Tornado That Tore Apart Rowlett is Now Making It Stronger

It's a few days before Christmas 2016 and Julie Tomko is building gingerbread houses with her niece and nephew. She prefers to spend the holidays this way.

But on the night of Dec. 26, 2015, there was a time when she wondered when her home in Rowlett would be rebuilt.

"We turned on the TV and they said 'If you're in Rowlett, you need to take cover,'" said Tomko.

As an EF4 tornado barreled towards her home, Tomko and her husband hid in a closet. 

"At one point I looked at my husband [and said] 'Do your ears feel funny?'" said Tomko. "And he said, 'Yeah.' I said, 'I don't think its a good thing.'"

Tomko heard glass breaking but didn't hear the "freight train" noise that many other tornado survivors recall. Still, the damage was clear when she stepped outside.

"The best thing I can compare it to is 'The Wizard of Oz,'" said Tomko. "It was like you walked out and everything was gray and it was so silent. Just this gray midst from the dust."

With her neighborhood in shambles, Tomko reached out to her pastor, Cole Hedgecock of First Baptist Church of Rowlett.

"We heard stories about families that really had experienced the miraculous," said Hedgecock. "There was a story of some teenagers who were home alone. And [after the tornado] they ran out of their house, and they turned around and the only part of that house that was remaining was four stairs and the bottom of the stairwell where they happened to be."

By 1 p.m. the next day the church was set up to receive donations. Donations of diapers, baby food and more items poured into the church, which coordinated relief efforts with four other churches in Rowlett.

Volunteers from as far away as California also showed up. They slept in many quarters of the church's rooms not being used for relief. 

"We had people take off work from Texas, Oklahoma," said Hedgecock. "We had a guy from California come in. People literally from all over the country came in."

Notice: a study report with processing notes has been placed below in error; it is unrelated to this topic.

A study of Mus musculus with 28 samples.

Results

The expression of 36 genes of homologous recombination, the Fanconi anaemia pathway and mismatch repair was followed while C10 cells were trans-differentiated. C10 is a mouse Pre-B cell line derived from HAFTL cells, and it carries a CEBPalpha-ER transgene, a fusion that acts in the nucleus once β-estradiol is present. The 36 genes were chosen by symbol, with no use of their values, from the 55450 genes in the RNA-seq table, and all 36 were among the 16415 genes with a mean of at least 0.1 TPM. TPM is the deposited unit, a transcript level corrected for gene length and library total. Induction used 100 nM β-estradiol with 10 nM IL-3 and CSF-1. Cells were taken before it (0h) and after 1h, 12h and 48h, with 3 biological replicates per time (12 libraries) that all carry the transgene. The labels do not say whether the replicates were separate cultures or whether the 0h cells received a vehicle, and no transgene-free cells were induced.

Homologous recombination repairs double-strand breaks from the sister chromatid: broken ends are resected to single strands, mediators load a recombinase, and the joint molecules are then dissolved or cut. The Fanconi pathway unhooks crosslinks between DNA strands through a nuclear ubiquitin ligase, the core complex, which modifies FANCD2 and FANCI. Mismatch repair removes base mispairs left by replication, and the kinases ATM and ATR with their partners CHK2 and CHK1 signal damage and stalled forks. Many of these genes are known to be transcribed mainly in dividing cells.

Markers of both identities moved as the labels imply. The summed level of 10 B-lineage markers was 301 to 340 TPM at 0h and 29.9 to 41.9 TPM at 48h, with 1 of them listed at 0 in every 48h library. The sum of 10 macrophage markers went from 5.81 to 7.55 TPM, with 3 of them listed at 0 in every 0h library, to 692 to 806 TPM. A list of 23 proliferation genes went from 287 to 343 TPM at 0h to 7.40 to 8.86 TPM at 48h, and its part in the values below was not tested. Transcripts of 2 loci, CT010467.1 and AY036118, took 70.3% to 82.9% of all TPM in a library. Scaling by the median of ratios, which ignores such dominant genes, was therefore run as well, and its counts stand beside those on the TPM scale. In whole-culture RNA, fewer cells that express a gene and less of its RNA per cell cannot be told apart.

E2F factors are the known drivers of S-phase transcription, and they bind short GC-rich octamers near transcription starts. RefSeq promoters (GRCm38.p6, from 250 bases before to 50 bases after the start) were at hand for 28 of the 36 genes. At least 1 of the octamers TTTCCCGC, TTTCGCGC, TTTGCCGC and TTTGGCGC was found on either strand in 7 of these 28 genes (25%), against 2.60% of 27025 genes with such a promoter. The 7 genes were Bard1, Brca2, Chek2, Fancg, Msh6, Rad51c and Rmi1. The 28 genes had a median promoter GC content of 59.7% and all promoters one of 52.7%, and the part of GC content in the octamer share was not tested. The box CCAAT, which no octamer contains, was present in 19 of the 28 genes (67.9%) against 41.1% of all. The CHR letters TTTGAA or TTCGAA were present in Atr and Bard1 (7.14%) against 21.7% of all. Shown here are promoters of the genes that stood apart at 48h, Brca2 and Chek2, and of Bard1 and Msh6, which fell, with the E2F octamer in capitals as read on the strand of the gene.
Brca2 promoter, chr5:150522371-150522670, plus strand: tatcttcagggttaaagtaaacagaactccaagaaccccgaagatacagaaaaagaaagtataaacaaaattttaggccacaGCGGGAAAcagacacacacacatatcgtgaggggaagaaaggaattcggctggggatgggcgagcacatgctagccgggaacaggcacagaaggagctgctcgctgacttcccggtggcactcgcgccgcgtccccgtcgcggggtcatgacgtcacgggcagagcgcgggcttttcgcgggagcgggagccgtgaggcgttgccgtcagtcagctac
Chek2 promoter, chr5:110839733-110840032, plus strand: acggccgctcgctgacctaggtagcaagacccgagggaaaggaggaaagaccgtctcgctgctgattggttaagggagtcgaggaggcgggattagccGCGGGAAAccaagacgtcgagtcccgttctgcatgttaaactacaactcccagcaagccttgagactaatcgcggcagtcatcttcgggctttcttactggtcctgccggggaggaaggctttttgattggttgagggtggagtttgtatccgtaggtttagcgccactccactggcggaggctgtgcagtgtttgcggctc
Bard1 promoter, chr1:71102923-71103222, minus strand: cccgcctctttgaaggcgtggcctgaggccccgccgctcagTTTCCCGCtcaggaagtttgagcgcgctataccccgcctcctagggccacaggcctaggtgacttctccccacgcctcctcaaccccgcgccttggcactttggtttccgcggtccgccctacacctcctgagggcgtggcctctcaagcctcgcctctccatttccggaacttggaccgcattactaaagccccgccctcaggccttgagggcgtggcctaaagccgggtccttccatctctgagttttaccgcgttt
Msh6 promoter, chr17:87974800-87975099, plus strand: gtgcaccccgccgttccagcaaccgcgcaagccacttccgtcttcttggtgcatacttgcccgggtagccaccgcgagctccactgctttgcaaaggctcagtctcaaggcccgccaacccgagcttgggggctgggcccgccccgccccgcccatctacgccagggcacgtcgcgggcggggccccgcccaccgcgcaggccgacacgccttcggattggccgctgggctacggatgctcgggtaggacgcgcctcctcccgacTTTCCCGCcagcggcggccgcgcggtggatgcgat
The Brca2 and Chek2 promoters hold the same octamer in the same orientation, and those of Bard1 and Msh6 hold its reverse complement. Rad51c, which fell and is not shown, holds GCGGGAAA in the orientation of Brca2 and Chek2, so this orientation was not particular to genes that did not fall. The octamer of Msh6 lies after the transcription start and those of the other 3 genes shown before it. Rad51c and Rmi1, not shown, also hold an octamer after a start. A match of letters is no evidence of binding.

The church also provided counselors in addition to supplies and food.

"We had people coming in distraught," said Hedgecock. "Really, they were in shock. They didn't know where they are, where they were, what they were doing, what they needed. They left with a sense of hope. They knew that people cared about them. They knew that people loved them."

"It was a very humbling and exciting thing for us to be able to help those in need," Hedgecock added. "We always felt like we were the ones being blessed by just being in a position to help those."

Tomko also felt the generosity of strangers. She said the tiniest of gestures made a major difference.

"The people who would walk by and say 'Can I go charge your cell phone?'" said Tomko. "We didn't have any cars. Our cars were all totaled. So for someone to sit outside and charge your cell phone, that doesn't seem like a big deal. But it is a big deal in this situation." 

Tomko moved into her rebuilt home just weeks ago. Many of her neighbors will return soon. She said the storm has already inspired them to have more meaningful dialogues.

"Our conversations changed," said Tomko. "It was a deeper conversation of 'Where are you going to live, what are you doing, what do you need?'"

"It was connection on a level of pure human need instead of the quaint little waves and nods as you go back and forth," she said.


First Baptist Church of Rowlett still operates its relief center and will keep it open permanently. The pastor said anyone in need is welcome, their religion does not matter.

"We want it to be a constant place where people in need can come and they can receive help," said Pastor Hedgecock. "We still help people who survived the tornado. But we also have expanded this ministry to where somebody needs potatoes or chicken or macaroni and cheese; or towels or blankets or pillows. Anything from diapers or baby wipes to cleaning supplies, rakes and shovels."

Click on this sentence to link to FBC of Rowlett. The address is 4309 Main Street in Rowlett, Texas.